On the feast day of Corpus Christi of the year 1473, which fell onto the 13th June, Francis, his wife Anne, her mother Alice and most of her siblings joined the Corpus Christi Guild in York. They were among several others of high standing who joined this guild, which had been founded in 1408. Other members included the king`s mother Cecily Neville, Lord Clifford (who has gained historical notority as the killer of Edmund of Rutland), Lord Scrope, as well as a number of bishops and archbishops during its not quite 150 years of existence. Richard III and his wife Anne equally became famous members, though they only joined it four years after Francis.
Membership cost 2 shillings a year, as Alexandra Johnson points out in her essay on the guild, and was open to anyone who could afford this. The ordinances of the guild stated that "all candidates for admission to the guild [are] to be received by the six masters or keepers. No oath [is] to be required by them, but they shall charge their conscience to contribute, according to their means, to the support of the guild."
One can imagine that this meant nobles were popular members, as they would have been able to give a lot if they so wished. Sadly, we do not know any longer how much Francis contributed, but since he was a pious man, it may have been a lot.
The guild was "dedicated to the praise and honour of the most sacred body of our Lord Jesus Christ" and aimed to see to the proper observation of the holiday of Corpus Christi. At least two of its six "keepers", clergymen in charge of the guild, would be leading the parade on the day after Corpus Christi every day. While on the actual day of Corpus Christi, the York Mystery Plays took place, the day afterwards there was a parade, still in the essentials the same as Corpus Christi parades today, to the honour of the body of Christ. Guild members joined it, together with officials of the city of York, followed the clergymen who led the parade.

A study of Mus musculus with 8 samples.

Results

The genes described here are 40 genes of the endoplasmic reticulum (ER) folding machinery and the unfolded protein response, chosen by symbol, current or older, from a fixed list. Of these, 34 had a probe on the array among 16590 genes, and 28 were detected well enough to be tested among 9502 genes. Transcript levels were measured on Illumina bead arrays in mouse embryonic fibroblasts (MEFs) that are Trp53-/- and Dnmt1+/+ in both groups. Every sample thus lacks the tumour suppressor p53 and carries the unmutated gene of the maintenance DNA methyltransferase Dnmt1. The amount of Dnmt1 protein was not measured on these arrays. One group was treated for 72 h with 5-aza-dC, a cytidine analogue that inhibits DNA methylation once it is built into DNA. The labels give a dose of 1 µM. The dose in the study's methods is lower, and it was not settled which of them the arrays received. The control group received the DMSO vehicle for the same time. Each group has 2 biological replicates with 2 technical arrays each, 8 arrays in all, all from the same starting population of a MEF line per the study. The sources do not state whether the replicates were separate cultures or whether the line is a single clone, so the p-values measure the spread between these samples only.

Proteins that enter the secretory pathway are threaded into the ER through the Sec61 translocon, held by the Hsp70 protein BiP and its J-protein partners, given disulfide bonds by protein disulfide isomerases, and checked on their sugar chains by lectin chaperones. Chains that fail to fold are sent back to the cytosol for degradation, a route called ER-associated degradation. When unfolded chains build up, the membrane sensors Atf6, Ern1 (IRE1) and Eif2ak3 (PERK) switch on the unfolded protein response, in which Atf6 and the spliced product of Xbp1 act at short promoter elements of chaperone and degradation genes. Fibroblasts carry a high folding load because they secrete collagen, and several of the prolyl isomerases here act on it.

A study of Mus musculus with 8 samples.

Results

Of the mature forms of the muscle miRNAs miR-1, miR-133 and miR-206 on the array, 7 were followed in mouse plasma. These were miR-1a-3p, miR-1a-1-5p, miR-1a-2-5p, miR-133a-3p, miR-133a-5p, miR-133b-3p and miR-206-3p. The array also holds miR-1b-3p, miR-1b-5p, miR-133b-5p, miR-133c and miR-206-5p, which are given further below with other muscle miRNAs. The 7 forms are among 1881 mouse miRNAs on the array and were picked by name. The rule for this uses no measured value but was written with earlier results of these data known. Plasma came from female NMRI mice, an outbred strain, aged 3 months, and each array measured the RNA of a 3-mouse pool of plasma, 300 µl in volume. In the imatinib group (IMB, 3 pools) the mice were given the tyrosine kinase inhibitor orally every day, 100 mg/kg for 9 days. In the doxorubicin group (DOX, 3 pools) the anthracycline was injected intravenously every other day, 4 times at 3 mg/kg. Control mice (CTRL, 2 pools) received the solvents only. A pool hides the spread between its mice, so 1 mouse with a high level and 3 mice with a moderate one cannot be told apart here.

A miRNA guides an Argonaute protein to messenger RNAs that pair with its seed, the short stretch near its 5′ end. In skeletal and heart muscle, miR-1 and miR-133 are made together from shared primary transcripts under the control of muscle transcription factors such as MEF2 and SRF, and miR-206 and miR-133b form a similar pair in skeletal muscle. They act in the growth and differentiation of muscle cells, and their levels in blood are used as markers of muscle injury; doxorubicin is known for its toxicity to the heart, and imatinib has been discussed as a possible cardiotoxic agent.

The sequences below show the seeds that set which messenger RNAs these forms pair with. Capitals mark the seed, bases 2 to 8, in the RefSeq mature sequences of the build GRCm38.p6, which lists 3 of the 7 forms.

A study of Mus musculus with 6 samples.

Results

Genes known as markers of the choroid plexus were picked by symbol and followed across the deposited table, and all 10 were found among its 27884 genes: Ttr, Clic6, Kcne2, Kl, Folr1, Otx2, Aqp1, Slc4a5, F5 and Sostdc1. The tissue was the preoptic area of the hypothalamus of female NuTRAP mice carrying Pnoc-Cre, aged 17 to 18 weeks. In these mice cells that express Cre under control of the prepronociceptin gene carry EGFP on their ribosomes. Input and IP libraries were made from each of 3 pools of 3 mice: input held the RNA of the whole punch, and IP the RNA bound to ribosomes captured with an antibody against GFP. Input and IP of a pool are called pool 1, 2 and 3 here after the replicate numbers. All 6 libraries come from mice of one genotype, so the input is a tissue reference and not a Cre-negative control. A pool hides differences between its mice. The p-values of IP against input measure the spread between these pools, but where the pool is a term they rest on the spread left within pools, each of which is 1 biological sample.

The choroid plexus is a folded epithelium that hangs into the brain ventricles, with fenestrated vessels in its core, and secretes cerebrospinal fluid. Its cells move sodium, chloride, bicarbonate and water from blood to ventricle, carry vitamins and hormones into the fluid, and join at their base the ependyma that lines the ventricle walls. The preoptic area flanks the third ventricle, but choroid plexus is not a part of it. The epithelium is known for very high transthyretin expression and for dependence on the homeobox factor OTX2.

Together with Francis, over 100 other people, men and women, joined the guild, among them his wife and most of her family. The register of the guild states that Francis "and his wife Anne" joined with "Lady Alice FitzHugh" and "Richard, Roger, Edward, Thomas and Elizabeth, children of the said Alice FitzHugh".
Curiously, this is the only reference to a FitzHugh child called Roger, and it`s likely that it was a scribe`s mistake, aciddentally writing Roger instead of George FitzHugh. George, then around eleven years old, was at that time still his brother`s heir, and would have most likely been mentioned between him and his younger brother Edward.
Notably missing is the FitzHugh`s oldest child Alice, who was by then married with children herself and lived in her own household, and their youngest child, a boy named John. Francis`s sisters, who had been brought up in the FitzHugh household after their mother`s death, were equally not present. In Joan`s case, this was probably because, like Alice, she was already married, if recently, and no longer lived in the FitzHugh household. It is less certain why Frideswide did not join the guild with the family, but given that she was only around eight to nine years of age, she may have been considered too young. The fact that John FitzHugh would have been around her age corroborates this theory.
Francis himself was still several months shy of his seventeenth birthday when he joined the guild, while his wife Anne was around thirteen. For both, it must have been an exciting event, but as is so often the case, about their feelings and attitude towards the Corpus Christi Guild, we have little indication and can only speculate.